Household budgets face a good belt tightening as rising interest rates push up mortgage payments

Many households will be in for an unpleasant economic shock over the next couple of years as the low interest rate party comes to an end and people are left with an ugly financial hangover.

The biggest hangovers will be for those who have borrowed up large over the last few years to fund everything from the purchase of their first home, to renovating their existing home or buying a new car.

Younger borrowers are likely to be especially shocked by the change in circumstances because mortgage interest rates have been in more or less steady decline for the last 14 years.

Cheap finance, underpinned by ever rising housing values, is the only economic environment that many younger people have ever known.

And that situation has persisted for so long that many older borrowers have probably forgotten what it is like to live in an environment where house prices are flat or perhaps even falling, while borrowing costs are rising.

They are in for a rude awakening.

The 14 year slide in mortgage interest rates came to an end in May last year when the average of the two year fixed rates offered by the major banks bottomed out at an all time low of 2.52%.

Since then it has moved higher in each and every subsequent month and finished up at the end of last year on 4.21%.

To put that in perspective, that is still relatively cheap by historical standards because it only takes mortgage rates back to where they were about three years ago and they would have been considered cheap at the time.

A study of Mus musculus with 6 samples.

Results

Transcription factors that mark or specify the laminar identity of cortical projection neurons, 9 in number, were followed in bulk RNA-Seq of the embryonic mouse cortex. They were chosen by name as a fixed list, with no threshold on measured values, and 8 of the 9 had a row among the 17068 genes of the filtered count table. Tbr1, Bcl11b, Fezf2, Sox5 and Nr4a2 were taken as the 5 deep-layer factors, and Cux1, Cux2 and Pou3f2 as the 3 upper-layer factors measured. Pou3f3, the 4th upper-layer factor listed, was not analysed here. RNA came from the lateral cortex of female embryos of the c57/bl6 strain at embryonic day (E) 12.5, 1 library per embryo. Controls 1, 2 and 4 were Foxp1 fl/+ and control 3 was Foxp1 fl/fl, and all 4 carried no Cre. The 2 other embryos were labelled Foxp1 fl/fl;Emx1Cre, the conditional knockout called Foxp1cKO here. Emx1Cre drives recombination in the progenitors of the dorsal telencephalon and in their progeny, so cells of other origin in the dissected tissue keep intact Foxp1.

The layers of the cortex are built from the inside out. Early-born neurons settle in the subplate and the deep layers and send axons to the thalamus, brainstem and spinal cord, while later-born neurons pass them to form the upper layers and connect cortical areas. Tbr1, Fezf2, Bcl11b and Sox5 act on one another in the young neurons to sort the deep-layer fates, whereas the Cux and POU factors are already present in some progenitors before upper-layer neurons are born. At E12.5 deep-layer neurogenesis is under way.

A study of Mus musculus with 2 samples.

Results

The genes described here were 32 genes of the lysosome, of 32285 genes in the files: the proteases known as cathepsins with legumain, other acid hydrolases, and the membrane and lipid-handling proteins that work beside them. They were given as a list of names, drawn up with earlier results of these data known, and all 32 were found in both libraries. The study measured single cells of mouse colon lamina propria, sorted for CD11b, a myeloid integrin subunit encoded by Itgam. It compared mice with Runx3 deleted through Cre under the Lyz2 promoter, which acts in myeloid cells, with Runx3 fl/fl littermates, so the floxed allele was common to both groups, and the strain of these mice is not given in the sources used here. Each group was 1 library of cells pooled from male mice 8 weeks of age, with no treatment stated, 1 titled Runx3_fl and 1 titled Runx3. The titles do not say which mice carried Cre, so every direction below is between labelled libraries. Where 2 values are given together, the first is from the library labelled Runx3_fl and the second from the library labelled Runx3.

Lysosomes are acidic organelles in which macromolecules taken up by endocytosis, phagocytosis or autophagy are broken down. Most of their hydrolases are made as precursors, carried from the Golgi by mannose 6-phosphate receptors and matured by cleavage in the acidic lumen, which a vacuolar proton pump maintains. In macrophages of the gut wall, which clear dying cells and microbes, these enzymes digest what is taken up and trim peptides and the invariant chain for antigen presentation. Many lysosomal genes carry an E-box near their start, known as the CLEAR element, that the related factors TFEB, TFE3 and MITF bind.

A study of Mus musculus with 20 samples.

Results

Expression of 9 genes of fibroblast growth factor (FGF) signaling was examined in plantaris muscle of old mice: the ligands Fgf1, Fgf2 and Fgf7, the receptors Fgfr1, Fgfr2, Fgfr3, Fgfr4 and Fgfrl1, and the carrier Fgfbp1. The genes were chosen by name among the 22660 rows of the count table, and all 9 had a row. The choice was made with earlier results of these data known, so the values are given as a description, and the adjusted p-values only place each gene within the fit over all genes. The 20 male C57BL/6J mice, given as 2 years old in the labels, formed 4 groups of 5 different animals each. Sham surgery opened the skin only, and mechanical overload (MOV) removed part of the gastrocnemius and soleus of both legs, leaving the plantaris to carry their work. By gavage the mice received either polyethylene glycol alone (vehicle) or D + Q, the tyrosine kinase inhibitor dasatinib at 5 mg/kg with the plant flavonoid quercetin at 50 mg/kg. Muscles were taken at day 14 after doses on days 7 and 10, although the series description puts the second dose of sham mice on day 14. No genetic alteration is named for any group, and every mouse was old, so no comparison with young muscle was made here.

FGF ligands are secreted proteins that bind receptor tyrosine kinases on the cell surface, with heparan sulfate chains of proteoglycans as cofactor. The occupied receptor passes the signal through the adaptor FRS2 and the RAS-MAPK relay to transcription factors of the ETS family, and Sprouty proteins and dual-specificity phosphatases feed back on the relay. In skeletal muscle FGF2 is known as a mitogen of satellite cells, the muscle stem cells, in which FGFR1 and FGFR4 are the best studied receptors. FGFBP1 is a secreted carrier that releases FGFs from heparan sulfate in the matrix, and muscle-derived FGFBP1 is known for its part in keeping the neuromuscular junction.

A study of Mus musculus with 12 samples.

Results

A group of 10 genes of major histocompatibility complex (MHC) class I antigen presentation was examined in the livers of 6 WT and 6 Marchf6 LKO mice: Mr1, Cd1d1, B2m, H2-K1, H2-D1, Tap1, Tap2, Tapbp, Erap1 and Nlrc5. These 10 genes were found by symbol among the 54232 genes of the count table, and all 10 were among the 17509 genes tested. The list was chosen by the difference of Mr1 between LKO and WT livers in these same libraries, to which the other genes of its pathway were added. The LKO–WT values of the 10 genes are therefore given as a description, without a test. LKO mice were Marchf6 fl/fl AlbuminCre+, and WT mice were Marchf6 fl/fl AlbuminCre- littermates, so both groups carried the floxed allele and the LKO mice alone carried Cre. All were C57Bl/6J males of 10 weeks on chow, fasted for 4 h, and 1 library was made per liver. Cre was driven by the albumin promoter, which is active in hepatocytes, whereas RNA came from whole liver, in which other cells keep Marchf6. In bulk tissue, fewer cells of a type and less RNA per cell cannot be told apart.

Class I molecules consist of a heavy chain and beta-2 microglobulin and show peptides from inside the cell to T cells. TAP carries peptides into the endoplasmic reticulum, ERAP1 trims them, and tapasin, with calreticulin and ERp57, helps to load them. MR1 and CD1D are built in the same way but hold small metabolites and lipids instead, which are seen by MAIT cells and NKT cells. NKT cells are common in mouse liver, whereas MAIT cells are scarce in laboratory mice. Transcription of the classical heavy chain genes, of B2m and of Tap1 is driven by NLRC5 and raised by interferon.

So anyone who took out or re-fixed a mortgage about three years ago and is due for another fix about now, probably won’t notice much change in their mortgage payments.

Those who took a longer term punt and last fixed their mortgages for a five year term and are due to refix now will probably get a reduction in their mortgage payments because they’ll be re-fixing at a lower rate.

But they are likely to be a small minority, with most people fixing for shorter terms.

So in everyday dollar terms, what will rising interest rates mean for most mortgage holders?

The table below shows how changing interest rates could affect the fortnightly payments for different sized mortgages.

It suggests that someone with a $500,000 mortgage who last fixed about two years ago ago when the two year rate was around 3.5% and is looking to re-fix this year at closer to 4.5%, could be looking at an extra $132 a fortnight in mortgage payments.

If their mortgage was $700,000 they could be looking at an extra $185 a fortnight.

It seems likely that mortgage rates will keep rising this year and could go above 5% for popular fixed terms next year, so some borrowers could be facing even bigger increases further down the track.

With cost increases now prevalent on a wide range of household goods and services from petrol to groceries, the effect of even modest increases in mortgage payments should not be underestimated.

The people most at risk in this environment will be those who borrowed the absolute maximum they could afford when interest rates were at or near their lowest point in the middle of last year.

They will be squeezed especially hard and the worry is that some may find it difficult to keep themselves financially afloat.